Zion In The Forest


The concept was neither original nor unique with Roger Williams. It had been of long tenure in Holland; it was held by the Dutch in America, and it was spreading among the Independents in England. But Providence saw its first application in the English colonies of North America. From there the practice spread, slowly through New England, more rapidly through the middle and southern colonies, until at last no American could deny it and the concept was crystallized a century and a half later in the words of the federal Bill of Rights.


In another particular Providence was a departure from colonial custom. While it was true that sporadic settlements were occurring through the backwoods, all were attached to some established and chartered colony owing allegiance specified in words written on parchment to the English Crown. But Providence was attached to nothing. On the contrary it represented a definite gesture of disattachment from Massachusetts Bay. It was an outlawed community, a refugee, legally speaking, from justice. It had no charter. No royal patent appeared to specify the Narragansett country.

The result of this uncertainty was continual conflict. Even before Williams had settled on the bank of the Great Salt River, he had been pushed away from the first site he had chosen by Governor Edward Winslow of Plymouth, who claimed the territory and was afraid of “offending the Bay” by letting him squat there. It was a time when the gentler Plymouth people feIt obliged to watch their p ’s and q ’s in regard to their strong, rigid Massachusetts neighbors. Now the communities of Warwick, Portsmouth, and Newport, formed of various sorts of Massachusetts dissidents, were growing up in the unchartered territory. The arguments over the rights involved were carried on by such vigorous exiles as William Coddington and the heretic Samuel Gorton, who was sheltering the devil’s advocate, poor Anne Hutchinson. So Roger Williams was forced to go to England to get some sort of legal instrument for his community and there, from 1640 to 1644, in the midst of the first English Civil War, he conducted his classic fight for the liberty of the American conscience.

England, grown liberal to Protestant diversification, was good ground for his work. He had the sympathy and friendship of two of the most prominent Englishmen of the day, Milton and Cromwell, though he went further than either in his tolerance, being lenient even toward Catholics and opposed to the persecution of the Anglicans. But though his propaganda was printed in England it was directed against the theocracy of Massachusetts Bay and the minister, John Cotton, in particular. It was not only concerned with religion; it advocated democracy in advance of prevailing acceptance even by radicals, and in these writings we have what is probably the first suggestion of the sovereignty of the people in American literature. The climax of his effort was a pamphlet which today’s reader finds exceedingly difficult, called The Bloody Tenent of Persecution. It found response in England and turned English eyes with disapproval across the Atlantic to Massachusetts Bay, the target of the attack.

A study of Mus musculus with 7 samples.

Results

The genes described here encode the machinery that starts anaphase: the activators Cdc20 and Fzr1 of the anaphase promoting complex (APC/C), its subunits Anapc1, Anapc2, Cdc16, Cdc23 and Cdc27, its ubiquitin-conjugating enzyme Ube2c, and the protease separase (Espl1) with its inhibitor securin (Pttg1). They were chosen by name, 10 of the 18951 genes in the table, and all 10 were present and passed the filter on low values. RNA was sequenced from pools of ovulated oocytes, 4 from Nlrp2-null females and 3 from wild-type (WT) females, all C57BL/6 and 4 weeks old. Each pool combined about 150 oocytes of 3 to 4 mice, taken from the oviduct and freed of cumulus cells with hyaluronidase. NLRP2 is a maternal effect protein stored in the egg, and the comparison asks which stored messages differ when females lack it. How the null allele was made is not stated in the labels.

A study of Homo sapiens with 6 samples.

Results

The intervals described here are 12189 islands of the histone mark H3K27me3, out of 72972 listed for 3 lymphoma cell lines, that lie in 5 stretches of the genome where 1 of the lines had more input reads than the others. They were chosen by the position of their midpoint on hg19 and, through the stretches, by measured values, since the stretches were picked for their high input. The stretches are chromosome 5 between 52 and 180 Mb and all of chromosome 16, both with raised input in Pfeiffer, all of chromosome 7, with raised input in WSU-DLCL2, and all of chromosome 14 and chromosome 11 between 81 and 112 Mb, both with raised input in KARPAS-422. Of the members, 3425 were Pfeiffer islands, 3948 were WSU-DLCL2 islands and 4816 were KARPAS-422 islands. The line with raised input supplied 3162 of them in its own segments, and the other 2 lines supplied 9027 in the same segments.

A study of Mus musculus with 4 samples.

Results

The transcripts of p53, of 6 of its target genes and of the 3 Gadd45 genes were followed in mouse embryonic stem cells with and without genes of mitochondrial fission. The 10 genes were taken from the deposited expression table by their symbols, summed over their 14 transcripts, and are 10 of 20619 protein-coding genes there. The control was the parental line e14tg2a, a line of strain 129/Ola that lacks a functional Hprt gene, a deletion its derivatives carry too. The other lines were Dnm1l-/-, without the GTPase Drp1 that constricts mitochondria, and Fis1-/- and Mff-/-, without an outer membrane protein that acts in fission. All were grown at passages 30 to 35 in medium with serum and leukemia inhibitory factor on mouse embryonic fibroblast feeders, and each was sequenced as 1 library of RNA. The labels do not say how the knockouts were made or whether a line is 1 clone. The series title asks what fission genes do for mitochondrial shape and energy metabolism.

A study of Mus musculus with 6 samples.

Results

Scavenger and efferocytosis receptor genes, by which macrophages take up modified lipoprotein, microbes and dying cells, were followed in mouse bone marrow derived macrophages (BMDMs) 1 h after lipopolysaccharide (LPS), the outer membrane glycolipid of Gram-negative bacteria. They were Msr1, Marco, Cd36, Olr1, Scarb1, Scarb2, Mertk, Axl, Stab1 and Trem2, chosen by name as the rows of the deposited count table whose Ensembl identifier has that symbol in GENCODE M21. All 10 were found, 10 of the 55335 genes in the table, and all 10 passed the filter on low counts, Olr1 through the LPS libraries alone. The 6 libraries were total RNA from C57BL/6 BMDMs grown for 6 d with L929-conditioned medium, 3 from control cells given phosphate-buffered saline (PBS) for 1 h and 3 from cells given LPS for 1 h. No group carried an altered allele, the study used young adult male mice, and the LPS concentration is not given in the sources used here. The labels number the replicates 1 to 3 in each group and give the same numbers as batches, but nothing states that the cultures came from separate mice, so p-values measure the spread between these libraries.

Finally, Williams secured his charter to “Providence Plantations.”

Williams was an idealist, a crusader for principle, not, as some have portrayed him, a practical worker for the welfare of society. The anxiety which took him to England was for a colony dedicated to liberty and government with the consent of the people, not to find a platform for his vengeance. Indeed, one is surprised that he was not more vindictive against those who were responsible for his banishment.

To Governor John Winthrop of Massachusetts Bay he was so astonishingly forgiving that it seems there must have been some secret understanding between them, dangerous to confess but compensating to both their consciences. Williams stated that Winthrop even secretly connived at the Narragansett exile. Throughout the Governor’s life they continued to correspond with full measure of affection at the heads and tails of their letters. In his heart Winthrop undoubtedly felt occasional misgivings about the theocratic dicta, yet he knew that if he relaxed the rule his colony, deeply dedicated to the principle of the “national” covenant, would fall apart.

When Williams returned, even the parliamentary charter was disputed. It was fought by the Bay colony to the north and by William Coddington of Portsmouth and Newport to the south. In all this difficulty Williams was far from the adroit antagonist or practical organizer. His community suffered poverty and dissent. It was invaded by Baptists, Jews, and Quakers who could find no refuge elsewhere.

Williams was unable to cope with the physical conditions consequent upon the influx. He was constantly preoccupied with his communion with God, with his personal theology, becoming after other experiments a Seeker—an astonishing sect among the complacent groups in its admission that it did not know all of the truth. There were times when he thought of leaving the group of planters for a forest heritage; again he thought of devoting his life to the Indians. Yet in the end he worked persistently, if not always effectively, for his community’s welfare and on a second visit to England won a second charter guarantering his independence of Coddington and endowing the whole of “Rhode Island Colony and Providence Plantations” with legal rights.